Scene 6: Red Hill Settlement Tour Highlights Opportunities


We were brought to a settlement that our liaison Anneline works in, as part of our tour of settlements in various conditions and situations. Red Hill is one that she considers a good role model for settlement life, which she wanted us to see before beginning improvements in 7de Laan.

Cast of Characters

WPI Project Team
City Employees: Reggie O’Brien, Esralita Plaaitjies, Anneline Plaaitjies
Red Hill Residents: Daisy


The Red Hill informal settlement, section D, which sits against a hillside on the Cape Peninsula, on fertile rancher’s land leased by the government.


Red hill

Our first view of the settlement

The first thing that struck us as we drove into Red Hill was the space itself – up against a hillside and overlooking miles of rolling fields, it was a stark contrast to the dunes of 7de Laan. The shacks themselves were also very different, laid out sparsely with most including fenced-in yards and gardens. It was very heartening to see how this organization gave people the opportunity to make much more out of their living spaces, something that we hope to see happen in 7de Laan.

After surveying the settlement for some time we spoke to Daisy, a 61-year-old woman who had lived in the settlement for nearly two decades. She showed us the corn and pumpkins that she was growing with her husband, enough that they were planning to begin selling it. Her entrepreneurial spirit, and the way that she had slowly built so much from a basic shack, impressed us. She was very proud of what she had done, and it seemed to us that this pride and motivation was the critical element that allowed her to build so much.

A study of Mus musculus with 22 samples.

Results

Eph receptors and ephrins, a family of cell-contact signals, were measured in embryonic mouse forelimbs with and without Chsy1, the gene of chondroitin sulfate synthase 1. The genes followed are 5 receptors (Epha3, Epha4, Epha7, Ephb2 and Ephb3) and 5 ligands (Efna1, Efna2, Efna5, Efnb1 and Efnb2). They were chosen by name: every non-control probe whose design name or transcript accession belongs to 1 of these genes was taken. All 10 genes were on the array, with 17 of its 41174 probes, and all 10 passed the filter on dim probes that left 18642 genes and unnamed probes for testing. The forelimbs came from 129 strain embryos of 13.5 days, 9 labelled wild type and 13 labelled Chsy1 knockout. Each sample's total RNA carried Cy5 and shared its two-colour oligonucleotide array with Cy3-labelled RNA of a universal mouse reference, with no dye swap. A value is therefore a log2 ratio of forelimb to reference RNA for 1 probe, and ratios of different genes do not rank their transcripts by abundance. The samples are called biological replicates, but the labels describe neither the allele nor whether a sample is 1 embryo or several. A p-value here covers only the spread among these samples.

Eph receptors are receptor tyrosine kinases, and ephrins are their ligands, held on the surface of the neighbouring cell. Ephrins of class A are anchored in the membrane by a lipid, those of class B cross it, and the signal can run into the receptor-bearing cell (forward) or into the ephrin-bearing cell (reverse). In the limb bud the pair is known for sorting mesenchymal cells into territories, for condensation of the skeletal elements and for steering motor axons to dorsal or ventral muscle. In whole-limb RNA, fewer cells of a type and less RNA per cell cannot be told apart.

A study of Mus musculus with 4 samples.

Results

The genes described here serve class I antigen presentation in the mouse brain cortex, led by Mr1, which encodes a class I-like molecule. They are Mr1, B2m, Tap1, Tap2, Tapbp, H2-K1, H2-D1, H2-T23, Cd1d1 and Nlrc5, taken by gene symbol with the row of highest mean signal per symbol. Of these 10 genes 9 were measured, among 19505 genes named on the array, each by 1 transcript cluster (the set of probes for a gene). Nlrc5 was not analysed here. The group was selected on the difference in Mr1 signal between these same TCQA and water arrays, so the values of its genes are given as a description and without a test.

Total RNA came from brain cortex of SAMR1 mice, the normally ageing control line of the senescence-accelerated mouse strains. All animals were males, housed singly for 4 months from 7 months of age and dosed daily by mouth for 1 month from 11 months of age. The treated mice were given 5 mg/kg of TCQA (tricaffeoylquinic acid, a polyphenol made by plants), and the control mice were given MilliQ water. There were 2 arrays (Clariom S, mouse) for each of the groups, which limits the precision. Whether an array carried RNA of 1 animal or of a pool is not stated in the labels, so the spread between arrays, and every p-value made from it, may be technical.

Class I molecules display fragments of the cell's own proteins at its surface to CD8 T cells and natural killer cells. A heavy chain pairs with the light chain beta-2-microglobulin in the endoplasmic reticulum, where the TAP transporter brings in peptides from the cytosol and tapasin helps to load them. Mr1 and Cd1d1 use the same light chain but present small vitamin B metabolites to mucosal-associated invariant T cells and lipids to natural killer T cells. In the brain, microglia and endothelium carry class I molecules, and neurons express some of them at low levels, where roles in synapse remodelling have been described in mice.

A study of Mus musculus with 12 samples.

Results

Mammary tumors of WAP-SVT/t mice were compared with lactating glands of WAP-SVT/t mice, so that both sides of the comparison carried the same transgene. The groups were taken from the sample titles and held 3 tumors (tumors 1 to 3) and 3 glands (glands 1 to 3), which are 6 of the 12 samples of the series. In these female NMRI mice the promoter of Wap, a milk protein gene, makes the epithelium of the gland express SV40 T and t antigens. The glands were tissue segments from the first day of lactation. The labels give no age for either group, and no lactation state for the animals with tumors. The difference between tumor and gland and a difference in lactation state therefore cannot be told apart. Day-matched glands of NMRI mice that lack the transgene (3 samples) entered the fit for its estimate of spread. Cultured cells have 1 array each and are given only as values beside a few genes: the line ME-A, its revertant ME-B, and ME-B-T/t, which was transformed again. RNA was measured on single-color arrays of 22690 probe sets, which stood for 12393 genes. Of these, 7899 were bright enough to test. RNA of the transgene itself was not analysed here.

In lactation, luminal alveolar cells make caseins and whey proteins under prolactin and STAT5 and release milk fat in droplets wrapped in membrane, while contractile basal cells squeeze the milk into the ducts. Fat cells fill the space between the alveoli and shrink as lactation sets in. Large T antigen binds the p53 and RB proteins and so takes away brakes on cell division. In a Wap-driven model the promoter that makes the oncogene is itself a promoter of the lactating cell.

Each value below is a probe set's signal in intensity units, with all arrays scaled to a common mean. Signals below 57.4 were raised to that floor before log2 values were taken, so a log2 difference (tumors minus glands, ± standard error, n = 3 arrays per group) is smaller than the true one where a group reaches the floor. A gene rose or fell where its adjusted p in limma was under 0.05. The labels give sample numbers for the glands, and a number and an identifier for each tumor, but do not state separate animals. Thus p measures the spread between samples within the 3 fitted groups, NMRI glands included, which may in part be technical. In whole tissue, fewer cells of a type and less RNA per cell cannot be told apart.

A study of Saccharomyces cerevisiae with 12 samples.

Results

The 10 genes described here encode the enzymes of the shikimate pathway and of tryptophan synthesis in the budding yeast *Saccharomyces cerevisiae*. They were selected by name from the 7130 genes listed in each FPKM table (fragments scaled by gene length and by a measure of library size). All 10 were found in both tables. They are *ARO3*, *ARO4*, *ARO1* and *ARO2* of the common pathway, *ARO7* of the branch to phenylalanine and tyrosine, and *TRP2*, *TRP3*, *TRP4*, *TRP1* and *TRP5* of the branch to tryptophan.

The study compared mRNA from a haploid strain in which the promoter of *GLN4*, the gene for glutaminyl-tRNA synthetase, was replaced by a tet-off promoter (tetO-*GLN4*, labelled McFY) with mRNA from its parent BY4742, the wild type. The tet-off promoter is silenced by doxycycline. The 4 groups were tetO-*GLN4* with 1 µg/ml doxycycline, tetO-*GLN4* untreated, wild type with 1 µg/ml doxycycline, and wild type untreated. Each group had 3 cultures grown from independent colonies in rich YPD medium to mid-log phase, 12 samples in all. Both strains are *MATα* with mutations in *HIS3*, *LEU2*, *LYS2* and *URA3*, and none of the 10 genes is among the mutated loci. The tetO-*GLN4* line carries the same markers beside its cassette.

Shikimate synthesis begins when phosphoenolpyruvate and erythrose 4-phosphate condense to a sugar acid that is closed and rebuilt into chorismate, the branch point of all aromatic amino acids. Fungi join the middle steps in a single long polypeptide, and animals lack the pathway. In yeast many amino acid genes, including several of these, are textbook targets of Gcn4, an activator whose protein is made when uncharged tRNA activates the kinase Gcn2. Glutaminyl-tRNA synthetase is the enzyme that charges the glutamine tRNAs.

red hill garden

One of the many community gardens we saw

Daisy was very invested in her plot of land, even saying that she would likely choose to stay even if offered formal housing. This was an extension of something that we had heard in 7de Laan and Plot 9 – people are naturally reluctant to leave their current situations, even if the alternative may be better. Her life was certainly not perfect in Red Hill, with inconsistent electricity and occasional flooding, but she seemed to be relatively happy there. It is difficult to give up what you already have, and as we work in Strandfontein this reluctance will be an important factor for relocation or re-blocking. In Daisy’s case it was difficult to tell if she was truly content where she was, or just unwilling to take the risk of moving somewhere new.

After speaking to Daisy, we learned from Anneline that the entire settlement was to be relocated to formal housing within two years. While in most settlements that would be good news, in this case it was somewhat sad to know that people like Daisy could not chose to stay in the homes into which they had invested so much. Impermanence is a common trend in these settlements, but it was more difficult to see it in a place where people had invested so much more than usual.


Visiting Red Hill gave us the chance to see how a settlement with the right physical space and the right attitude could have much better living conditions. Where the municipality did not work to address the settlement’s problems, the residents took it into their own hands. It became clear to us that we need to not only work to improve the 7de Laan settlement, but also foster a mindset for residents to take initiative in improving their living conditions regardless of outside support.